Ever since the word “triggered” became the subject of a meme, it’s hard for people with actual triggers to be taken seriously. People use the word “triggered” as a hyperbole for being irritated or slightly uncomfortable, or to mock anyone that reacts to something in a way that other people don’t understand. As a feminist, I habitually call out sexism when I see or hear it. If I had a penny for any time someone’s response used the word “triggered,” I could pay off my student loans. But sexism doesn’t trigger me. Sexism just annoys and disgusts me.
The misuse of the word “trigger” leads to people poking fun at trigger warnings online. Basically, a trigger warning is used when something is posted online that might mess with someone’s mental, emotional, or even physical state. You might see a trigger warning on a picture of a violent crime scene, or on a rape victim’s retelling of events. You might also see a trigger warning on a picture of a dog, of a beach, or almost anything else. At times, it might seem silly and pointless. However, trigger warnings play an important role in helping people not relive the events that brought them pain.
- People with PTSD
- People with eating disorders
- People with epilepsy
- People who self-harm
- People with phobias
- People with depression
- People with OCD
Why should we bother with them? Simply put, we need trigger warnings because they spare people from experiencing unnecessary physical and/or emotional distress. There are so many people that can benefit from a trigger warning, which means there are many different kinds of triggers. You never know what might be triggering to someone. Of course, it would be impossible to try to guess every single thing that might trigger others. As a person with PTSD, I don’t expect people to know what triggers my flashbacks and panic attacks right off the bat. Although I can’t expect every single person online to use a trigger warning, the few people that do use them spare me from having to cope again and again.
But shouldn’t people with triggers learn to deal with them, and not run from them? We already are. Certain types of therapy teach coping mechanisms for dealing with triggers, and medications can decrease the severity of panic attacks, etc. However, trigger warnings prevent us from having to cope in the first place. We can’t prevent what we witness off the Internet, but we can decrease the amount of triggering content we see online.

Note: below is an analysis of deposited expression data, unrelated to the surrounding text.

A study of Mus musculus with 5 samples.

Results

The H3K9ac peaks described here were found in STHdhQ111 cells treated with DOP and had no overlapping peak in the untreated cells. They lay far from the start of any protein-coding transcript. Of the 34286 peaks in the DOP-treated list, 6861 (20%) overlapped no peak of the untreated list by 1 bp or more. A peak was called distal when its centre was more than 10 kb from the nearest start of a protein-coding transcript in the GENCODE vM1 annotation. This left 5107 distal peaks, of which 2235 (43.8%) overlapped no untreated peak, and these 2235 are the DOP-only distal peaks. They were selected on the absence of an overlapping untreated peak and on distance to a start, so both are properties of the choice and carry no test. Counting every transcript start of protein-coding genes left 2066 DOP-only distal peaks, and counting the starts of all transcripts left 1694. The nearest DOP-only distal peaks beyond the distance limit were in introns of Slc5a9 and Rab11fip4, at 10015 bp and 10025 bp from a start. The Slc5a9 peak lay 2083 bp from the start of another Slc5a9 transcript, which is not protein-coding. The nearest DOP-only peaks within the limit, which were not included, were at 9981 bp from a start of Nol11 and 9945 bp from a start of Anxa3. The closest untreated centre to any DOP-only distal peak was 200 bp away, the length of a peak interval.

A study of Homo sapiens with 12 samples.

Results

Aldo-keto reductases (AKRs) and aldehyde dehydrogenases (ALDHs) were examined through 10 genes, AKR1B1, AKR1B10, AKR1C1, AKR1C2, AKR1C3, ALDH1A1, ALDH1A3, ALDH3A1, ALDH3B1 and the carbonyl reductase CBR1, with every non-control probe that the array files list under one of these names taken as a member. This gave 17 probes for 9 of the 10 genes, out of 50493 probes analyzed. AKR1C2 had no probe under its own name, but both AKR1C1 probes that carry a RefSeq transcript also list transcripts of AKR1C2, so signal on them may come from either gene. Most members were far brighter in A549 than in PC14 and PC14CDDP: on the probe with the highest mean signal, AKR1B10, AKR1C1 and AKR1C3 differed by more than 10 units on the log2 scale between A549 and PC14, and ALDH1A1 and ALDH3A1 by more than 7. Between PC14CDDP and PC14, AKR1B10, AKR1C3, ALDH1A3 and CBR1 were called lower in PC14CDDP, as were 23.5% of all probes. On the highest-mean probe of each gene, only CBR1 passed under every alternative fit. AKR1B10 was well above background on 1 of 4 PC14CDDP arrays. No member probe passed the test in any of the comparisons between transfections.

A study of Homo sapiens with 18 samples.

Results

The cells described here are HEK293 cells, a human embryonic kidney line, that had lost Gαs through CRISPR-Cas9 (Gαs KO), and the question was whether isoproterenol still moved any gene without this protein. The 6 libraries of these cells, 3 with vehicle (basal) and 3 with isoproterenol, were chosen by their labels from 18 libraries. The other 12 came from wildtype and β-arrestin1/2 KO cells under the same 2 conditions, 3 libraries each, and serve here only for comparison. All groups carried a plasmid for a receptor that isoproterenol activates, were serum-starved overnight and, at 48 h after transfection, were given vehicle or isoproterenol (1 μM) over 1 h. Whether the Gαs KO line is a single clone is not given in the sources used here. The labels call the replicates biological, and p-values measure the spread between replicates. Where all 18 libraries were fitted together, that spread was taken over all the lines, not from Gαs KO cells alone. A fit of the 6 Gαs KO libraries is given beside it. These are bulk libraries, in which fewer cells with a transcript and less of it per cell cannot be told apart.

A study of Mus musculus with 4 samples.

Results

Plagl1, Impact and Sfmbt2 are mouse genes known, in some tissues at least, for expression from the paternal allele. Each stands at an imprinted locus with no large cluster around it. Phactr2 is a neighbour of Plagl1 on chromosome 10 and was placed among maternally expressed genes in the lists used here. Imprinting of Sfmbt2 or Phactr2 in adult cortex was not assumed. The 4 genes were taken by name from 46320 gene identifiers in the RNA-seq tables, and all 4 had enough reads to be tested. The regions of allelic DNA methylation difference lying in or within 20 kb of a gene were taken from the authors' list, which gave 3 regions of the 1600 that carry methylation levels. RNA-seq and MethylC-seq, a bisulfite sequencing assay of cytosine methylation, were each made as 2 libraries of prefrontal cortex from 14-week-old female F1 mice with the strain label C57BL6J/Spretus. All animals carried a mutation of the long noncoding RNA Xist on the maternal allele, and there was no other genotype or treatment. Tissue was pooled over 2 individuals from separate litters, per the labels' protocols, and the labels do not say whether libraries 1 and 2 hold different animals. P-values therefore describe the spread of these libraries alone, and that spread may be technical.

How can you help people with triggers? The typical format for trigger warnings is as follows:
“TW (or CW, or Trigger Warning): item 1, item 2, item 3)”
This format lists the potentially triggering items at the top, and leaves a gap between the warning and the content (if it’s a text post, this means that a reader can view the warning and nothing else). For a more subtle approach, you can include a warning statement such as, “This post is about items 1, 2, and 3. Please read at your own discretion.” If your content is in the form of a picture or video, remove the video/image preview from your post and simply include the link. If that doesn’t work, simply share the link in the post comment (without the preview).
Here is an incomplete list of potential triggers that you should include a warning for:
- Rape (images, videos, descriptions)
- Murder (images, descriptions, videos)
- Violence (images, videos, descriptions, threats)
- Gore (images, videos, descriptions- and include a disclaimer if it’s fake gore)
- Flashing lights/screens (videos)
- Death/dying (images, descriptions, videos)
- Self-harm (images, videos, descriptions)
Comment below if you have any other tips on trigger warnings!